DRIVES partnership delivers the third release of its Automotive Roadmap


The first release provided a strategy and roadmap for Automotive Skills Agenda and its future developments complementary to other strategies in the sector presenting 8 Key Actions with 56 Specific Activities.

The second release, following the 8 Key Actions, aimed at integrating, revising and eventually confirming such strategy so that it is always up-to-date and consistent with the main developments, current opportunities and challenges of the automotive sector.

The third and final release goes deep into the suggested 56 Specific Activities of the roadmap and offers a practical point of view for future implementation at regional level using existing Best Practices as example.


For the purpose of the 2nd release, each KA was presented and discussed with several stakeholders of the sector to investigate their relevance and consistency and if any revisions of their strategic approach were necessary.  During the update, stakeholders reported that the KA are valid and their implementation is crucial, with no key modifications to be done. In particular, it was possible to rank the most urgent actions as perceived by stakeholders:

  • Build a common dialogue platform to inform companies and VET providers about the different needs and create a common vision for the future;
  • Establish the Automotive Skills Alliance;
  • Define and assure financial sustainability of the alliance;
  • Support the implementation of the Key Actions;
  • Ensure overall sustainable support from key stakeholders;
  • Create links between automotive businesses and VET providers for widespread sharing of the results of intelligence update outcomes;
  • Act as a platform for the Automotive Skills Agenda and stimulate its continuous development;
  • Harmonise a set of areas and base and specific objectives that will reflect all elements of the skills agenda.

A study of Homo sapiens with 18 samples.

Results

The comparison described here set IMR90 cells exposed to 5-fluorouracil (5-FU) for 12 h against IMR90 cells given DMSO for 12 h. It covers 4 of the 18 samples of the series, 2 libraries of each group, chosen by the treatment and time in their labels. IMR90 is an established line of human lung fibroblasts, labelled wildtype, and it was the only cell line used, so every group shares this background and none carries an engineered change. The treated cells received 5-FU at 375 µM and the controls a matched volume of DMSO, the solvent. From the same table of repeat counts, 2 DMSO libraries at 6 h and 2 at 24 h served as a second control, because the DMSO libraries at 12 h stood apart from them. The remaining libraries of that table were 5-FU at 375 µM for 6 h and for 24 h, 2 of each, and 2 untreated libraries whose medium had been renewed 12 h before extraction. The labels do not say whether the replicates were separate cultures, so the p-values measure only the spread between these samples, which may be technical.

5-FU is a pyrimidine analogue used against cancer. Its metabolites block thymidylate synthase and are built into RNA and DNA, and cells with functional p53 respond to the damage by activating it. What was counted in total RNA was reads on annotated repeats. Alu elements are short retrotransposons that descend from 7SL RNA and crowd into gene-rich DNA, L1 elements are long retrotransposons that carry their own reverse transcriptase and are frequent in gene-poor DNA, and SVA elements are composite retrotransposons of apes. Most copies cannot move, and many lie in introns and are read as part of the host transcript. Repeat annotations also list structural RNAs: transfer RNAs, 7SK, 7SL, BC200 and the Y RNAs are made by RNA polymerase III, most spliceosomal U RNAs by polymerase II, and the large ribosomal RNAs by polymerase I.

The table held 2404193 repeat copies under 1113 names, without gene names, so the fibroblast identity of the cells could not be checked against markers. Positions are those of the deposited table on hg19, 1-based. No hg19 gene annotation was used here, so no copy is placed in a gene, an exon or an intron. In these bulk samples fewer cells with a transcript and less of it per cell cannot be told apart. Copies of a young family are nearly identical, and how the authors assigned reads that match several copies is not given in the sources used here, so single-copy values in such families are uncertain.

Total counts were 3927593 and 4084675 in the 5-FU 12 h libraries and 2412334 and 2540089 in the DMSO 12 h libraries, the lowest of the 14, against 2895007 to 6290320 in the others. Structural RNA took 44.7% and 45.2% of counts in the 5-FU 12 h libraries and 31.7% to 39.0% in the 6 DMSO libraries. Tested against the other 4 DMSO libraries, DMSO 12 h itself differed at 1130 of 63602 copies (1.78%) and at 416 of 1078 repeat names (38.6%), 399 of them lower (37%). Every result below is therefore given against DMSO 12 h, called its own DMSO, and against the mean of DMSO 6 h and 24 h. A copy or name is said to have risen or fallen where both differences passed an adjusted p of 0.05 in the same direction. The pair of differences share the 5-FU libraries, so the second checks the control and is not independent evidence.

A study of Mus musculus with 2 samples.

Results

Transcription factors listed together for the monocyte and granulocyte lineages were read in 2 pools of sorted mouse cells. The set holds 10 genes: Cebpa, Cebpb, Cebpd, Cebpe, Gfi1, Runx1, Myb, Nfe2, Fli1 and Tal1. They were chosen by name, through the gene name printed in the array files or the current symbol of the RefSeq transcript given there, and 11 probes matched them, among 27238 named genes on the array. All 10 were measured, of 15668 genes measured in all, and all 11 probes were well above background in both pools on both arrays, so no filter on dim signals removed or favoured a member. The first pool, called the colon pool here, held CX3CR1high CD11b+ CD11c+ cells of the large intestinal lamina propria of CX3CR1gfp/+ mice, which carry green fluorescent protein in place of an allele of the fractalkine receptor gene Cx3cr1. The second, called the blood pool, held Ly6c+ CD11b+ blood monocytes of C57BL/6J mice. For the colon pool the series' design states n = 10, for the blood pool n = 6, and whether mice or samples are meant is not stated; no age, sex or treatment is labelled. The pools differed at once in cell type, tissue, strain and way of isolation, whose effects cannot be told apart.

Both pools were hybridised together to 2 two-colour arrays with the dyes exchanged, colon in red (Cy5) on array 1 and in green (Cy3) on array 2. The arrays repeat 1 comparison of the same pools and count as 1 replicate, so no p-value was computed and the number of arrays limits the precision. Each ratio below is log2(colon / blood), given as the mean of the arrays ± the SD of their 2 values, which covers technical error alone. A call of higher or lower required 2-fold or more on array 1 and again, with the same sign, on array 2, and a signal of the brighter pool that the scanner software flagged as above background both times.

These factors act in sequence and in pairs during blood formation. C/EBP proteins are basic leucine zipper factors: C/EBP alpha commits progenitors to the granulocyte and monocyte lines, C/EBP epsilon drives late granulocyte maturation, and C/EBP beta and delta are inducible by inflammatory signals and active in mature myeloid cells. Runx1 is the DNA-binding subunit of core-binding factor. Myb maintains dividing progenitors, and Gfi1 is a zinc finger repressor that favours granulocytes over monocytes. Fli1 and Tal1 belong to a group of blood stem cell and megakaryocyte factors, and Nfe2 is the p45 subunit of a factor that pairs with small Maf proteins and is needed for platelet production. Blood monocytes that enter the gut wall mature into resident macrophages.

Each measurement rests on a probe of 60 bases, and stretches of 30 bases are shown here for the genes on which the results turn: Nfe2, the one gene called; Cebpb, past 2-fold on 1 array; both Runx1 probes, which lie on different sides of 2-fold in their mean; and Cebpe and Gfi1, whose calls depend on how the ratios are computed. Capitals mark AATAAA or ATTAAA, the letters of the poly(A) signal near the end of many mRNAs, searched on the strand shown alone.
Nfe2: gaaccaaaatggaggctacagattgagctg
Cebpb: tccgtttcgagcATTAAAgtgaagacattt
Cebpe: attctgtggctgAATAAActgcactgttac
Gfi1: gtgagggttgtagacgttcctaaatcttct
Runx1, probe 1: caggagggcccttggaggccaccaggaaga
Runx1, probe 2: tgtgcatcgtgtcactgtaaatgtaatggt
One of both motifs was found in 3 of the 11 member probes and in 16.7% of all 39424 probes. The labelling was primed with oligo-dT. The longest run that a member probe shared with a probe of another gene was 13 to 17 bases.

Following this methodology, the objective of this 3rd and final release was validate the 56 SA and enrich the roadmap with information and best practices that can help the wider automotive community translate the strategy outlined in the roadmap (1st and 2nd release) into a set of practical and operational actions for implementation. To do this, DRIVES Partnership engaged and involved stakeholders from regional automotive clusters (Germany, Italy, Poland, Portugal, Romania and Spain),  presenting four main topics (who combine the most important aspects coming from the 56 SA) during dedicated workshops. These covered: 



The main outcomes of such activities were related to:

A. The extreme importance of the regional aspect of the education and training. The link between regional education and the regional labour market is critical and the need to strengthen links with those regions with the most significant clusters of automotive activity is essential in order to support:

  • Mapping of existing provision
  • Identification of gaps/weaknesses in provision
  • Identify changing skill needs and implications for learning support
  • Mapping the available financial resources

B. A strong collaboration towards new common standards of production of semi-finished products, components and finished products. This is mandatory at every level of the automotive supply chain to remain competitive; investing in intelligent and flexible solutions for the benefit of all the involved stakeholders by exploiting the so-called "industry 4.0" is a solution, and “facilitating encounters between different stakeholders” is the starting point for this activity.

C. The backbone for success is driven by Big Data information and the use of Business Intelligence tools. Offering stakeholders’ a set of common data, forecast and sector insights allows stakeholders to concentrate themselves into “next steps” instead of “what happens” and moreover, supports a common understanding of the automotive sector direction.

D. Introduction of modular and/or unitised training structures. it allows for easier updating of qualifications to incorporate new technologies or ways of working, and this is a priority for stakeholders involved in regionals workshops as per the “training programmes”.

E. A clear need to harmonise information (“standard definition”). Even if many training and education providers exist at a regional/national and EU level, it is challenging to have an overall view of the offer; it is also hard to compare the specific training offer by skill area and between nations, as well as define training courses and how they relate to each job role and skill.

The EC support for the production of this publication does not constitute endorsement of the contents which reflects the views only of the authors, and the Commission cannot be held responsible for any use which may be made of the information contained therein.